Twins and more
On this page
- Being a parent of twins or other multiple births is a unique and very special experience.
- If you are a first-time parent, it is beneficial that you attend a multiple birth parenting class.
- For further support, visit the Tasmanian Multiple Birth Association website.
Early weeks of a multiple pregnancy
- Nausea (feeling of wanting to vomit) can be more severe in a multiple pregnancy.
- You can also have more intense emotions.
- This is due to added hormone levels.
- A hormone called relaxin helps to prepare your pelvis for birth. It may cause lower back pain.
- You may feel discomfort from extra weight and increased lower abdominal and pelvic pressure.
- Feelings of being tired may also increase.
- You are twice as likely to experience gestational diabetes.
- High blood pressure and a condition called pre-eclampsia is more likely to occur.
In addition to your normal schedule of visits and tests, you will have:
- an early blood test for gestational diabetes
- additional antenatal visits
- additional ultrasounds for foetal growth, wellbeing, and heart monitoring.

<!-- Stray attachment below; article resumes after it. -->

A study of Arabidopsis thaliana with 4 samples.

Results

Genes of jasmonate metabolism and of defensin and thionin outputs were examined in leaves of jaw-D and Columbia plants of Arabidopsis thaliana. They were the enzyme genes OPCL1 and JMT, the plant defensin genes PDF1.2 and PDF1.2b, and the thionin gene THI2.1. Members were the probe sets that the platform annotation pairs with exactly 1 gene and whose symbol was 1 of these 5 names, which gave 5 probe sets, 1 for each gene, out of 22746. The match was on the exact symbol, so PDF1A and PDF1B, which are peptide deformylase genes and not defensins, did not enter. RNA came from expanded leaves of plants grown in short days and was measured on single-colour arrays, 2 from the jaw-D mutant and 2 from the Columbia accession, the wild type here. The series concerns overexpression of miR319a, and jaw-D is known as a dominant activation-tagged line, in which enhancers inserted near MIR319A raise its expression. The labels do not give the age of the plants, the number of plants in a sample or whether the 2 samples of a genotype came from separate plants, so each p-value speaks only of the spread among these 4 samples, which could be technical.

- Most obstetricians (doctor specialising in pregnancy and childbirth) prefer multiple pregnancies to deliver by 38 weeks.
- Many multiple pregnancies are more likely to not reaching 37-38 weeks.
- If your babies are born prior to 36 weeks, they are considered to be premature.
- Premature babies may be cared for in the Neonatal and Paediatric Intensive Care Unit or Special Care Nursery.
Feeding multiple babies
- While in hospital you may be offered support from a lactation consultant.
- They will help you learn to feed multiple babies.
- If your babies are not able to be breastfed, we will help you learn to express your breast milk.
Going home from hospital
- If your babies are born closer to term (after 36 weeks) and are a good weight and feeding well, you may be home within 3 to 5 days after the birth.
- We provide support after discharge through our Extended Midwifery Service and the Child Health and Parenting Service.
- If your babies are in the Special Care Nursery, we will make you additional follow up appointments.
- For information on helping other children adjust to new babies, visit the Raising Children's Network website.
- Please ensure any second-hand equipment purchased second hand meets Australian safety standards if required. Find out more on the Product Safety or The Raising Children's Network websites.
- If you feel you are not coping, please ask your midwife, GP or Child Health Nurse.
- Always have your nappy bag restocked and ready for outings.
- Shop online or have groceries delivered.
- Accept help with daily routines from family and friends.
- Use your freezer, microwave and dishwasher to save time.
- Limit visitors but accept help.
- Connect with other families of multiples for advice and tips.
- Sleep when babies sleep.
- Routines are good, but keep it a bit flexible, what works for one baby may not work for the other.